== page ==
Friends Indeed


A couple of months ago, a couple of our local celebrities, E & M–musicians and gatherers of lost children and all-around wonderful people–experienced a tragedy. E had a stroke and was in the hospital for over a month.  He is home now–but in a wheelchair and without the use of his left arm.

Many, many people have made the trek out to their place to help with day-to-day tasks, and a big collective effort ensued to build a ramp allowing wheelchair access to the dome house E & M built themselves.  This isn’t any run-of-the-mill ramp–the main level of the dome is high off the ground–it’s a feat of engineering and love.

The night E returned from the hospital, a windstorm came through that knocked an old tree right through the roof–ripping a big hole and spewing blown-in insulation everywhere.  H and I went out yesterday to find the fix-it team at work–replacing the insulation in the repaired ceiling.

We brought out a wheelchair that H had from when his dad was alive–one that promised to be more comfortable than the one E was currently using.  The morning before we went out, I ran into a good friend of theirs and asked what I might bring.

She said that M has been working hard to take care of E and to feed all the helpers they’ve had coming through, and maybe some food would be a good idea.  So, I loaded up a cooler with a couple of chickens and roasts, and a box of canned goods and produce.

Though M was thankful for the food, I could see it wasn’t nearly enough.  When pressed, she admitted that they had run out of food stamps and wouldn’t get another round for ten days.  They are running low on a lot of staples.  She confided that she’d spent the utility money on supplies to level the kitchen floor so E could get around more easily.

Making it harder is the timing of this tragedy–they usually have a huge, productive garden, but they weren’t able to get it in this year.  E has been the marathon canner in the family–preserving all that produce for the winter months.  M hasn’t even been able to get out to pick their strawberries or raspberries.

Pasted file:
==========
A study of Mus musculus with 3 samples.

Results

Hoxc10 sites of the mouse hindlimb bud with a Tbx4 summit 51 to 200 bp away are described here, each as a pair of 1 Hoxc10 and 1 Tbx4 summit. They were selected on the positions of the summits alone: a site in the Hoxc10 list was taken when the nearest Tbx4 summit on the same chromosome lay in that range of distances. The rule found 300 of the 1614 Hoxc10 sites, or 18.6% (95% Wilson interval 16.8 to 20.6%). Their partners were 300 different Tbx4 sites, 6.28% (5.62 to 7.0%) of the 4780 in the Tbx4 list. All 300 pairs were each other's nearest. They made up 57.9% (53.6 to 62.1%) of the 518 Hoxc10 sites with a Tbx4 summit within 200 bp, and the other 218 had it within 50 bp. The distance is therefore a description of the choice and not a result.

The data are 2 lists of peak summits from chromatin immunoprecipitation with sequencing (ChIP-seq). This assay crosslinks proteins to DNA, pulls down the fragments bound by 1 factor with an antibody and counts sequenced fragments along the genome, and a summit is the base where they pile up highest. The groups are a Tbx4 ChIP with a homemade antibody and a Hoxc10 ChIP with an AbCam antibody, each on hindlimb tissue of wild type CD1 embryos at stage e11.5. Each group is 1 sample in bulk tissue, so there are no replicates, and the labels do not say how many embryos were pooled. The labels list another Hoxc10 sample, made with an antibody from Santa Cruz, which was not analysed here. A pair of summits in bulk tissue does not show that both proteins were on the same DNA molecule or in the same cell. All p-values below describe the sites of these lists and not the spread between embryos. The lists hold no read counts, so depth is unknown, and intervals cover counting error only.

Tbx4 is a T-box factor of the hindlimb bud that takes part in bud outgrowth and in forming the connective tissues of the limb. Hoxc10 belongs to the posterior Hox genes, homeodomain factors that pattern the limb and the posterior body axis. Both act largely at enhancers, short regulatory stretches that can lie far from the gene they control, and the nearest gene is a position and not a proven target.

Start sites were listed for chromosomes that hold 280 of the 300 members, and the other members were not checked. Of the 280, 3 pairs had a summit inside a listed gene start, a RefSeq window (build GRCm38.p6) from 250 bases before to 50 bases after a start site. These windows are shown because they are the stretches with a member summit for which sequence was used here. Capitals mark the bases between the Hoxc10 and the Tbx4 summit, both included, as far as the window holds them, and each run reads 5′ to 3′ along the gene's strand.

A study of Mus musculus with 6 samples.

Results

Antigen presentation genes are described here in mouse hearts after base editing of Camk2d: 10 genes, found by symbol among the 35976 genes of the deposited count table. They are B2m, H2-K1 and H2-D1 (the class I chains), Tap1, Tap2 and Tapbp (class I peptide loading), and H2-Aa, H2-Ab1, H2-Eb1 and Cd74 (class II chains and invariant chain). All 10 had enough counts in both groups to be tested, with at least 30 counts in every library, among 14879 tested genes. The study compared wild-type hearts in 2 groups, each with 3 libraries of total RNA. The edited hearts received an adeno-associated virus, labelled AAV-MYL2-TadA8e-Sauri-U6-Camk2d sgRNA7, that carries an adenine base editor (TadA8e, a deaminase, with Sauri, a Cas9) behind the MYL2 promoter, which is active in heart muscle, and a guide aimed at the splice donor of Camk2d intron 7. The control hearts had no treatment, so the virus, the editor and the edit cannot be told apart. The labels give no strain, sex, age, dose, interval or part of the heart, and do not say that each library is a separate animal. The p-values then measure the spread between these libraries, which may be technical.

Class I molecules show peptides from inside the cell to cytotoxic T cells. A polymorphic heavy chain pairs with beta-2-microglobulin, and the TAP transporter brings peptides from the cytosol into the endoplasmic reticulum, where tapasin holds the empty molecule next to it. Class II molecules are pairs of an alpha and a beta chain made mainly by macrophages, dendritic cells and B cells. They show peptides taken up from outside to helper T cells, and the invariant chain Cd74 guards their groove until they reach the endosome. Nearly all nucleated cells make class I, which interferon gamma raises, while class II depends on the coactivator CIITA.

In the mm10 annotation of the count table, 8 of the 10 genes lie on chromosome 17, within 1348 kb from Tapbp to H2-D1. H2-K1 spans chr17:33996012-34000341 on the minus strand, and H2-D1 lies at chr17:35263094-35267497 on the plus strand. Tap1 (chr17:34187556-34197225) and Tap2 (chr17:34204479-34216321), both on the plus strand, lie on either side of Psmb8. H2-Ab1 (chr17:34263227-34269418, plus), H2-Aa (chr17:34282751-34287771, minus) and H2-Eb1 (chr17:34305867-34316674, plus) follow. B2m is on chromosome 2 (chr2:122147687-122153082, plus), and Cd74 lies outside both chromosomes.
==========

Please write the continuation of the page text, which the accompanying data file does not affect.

They are keeping their chins up–E says his “cup runneth over” and that it’s hard to feel sorry for himself and his inability to form chords on his guitar when he sees how everyone has pulled together to help.  He’s hoping to learn the keyboard–something he’s always wanted to do.

M is holding together–hosting and feeding all the folks who’ve come out to help, taking care of E, trying to make ends meet and scrimp where she can.  It’s hard to believe a heart as big as hers can fit inside that tiny but wiry and determined frame.  But it has been difficult, and the stress is peeking through the cracks of her brave demeanor.

So, as she was fixing breakfast for E, I found a pen and paper started quizzing her on what they needed–coffee? Flour? Sugar? Fruit? Everything.

This is the real good of social networking–putting the call out on Facebook, we are getting together a good delivery of basics and some treats besides.  I went to the store and picked up everything on the list and then there were donations of home-canned goodness and frozen soup and a dozen ears of corn.

And a keyboard and stand for E–and some books to go along with it.  Right now we are looking for a 12v power supply for it, but I have faith there’s one out there somewhere that will come to us.

I’m heading out this afternoon with the load (and maybe a little cash to help with the bills and other necessities) and to see if I can’t get M to let me harvest and freeze the strawberries and help fix dinner.

It should be made clear that what H and I are giving is little compared to what others have been doing over the last couple of months–it’s a small contribution beside all of the love and care and support and sheer sweat equity that has been given by friends and family since E had his stroke.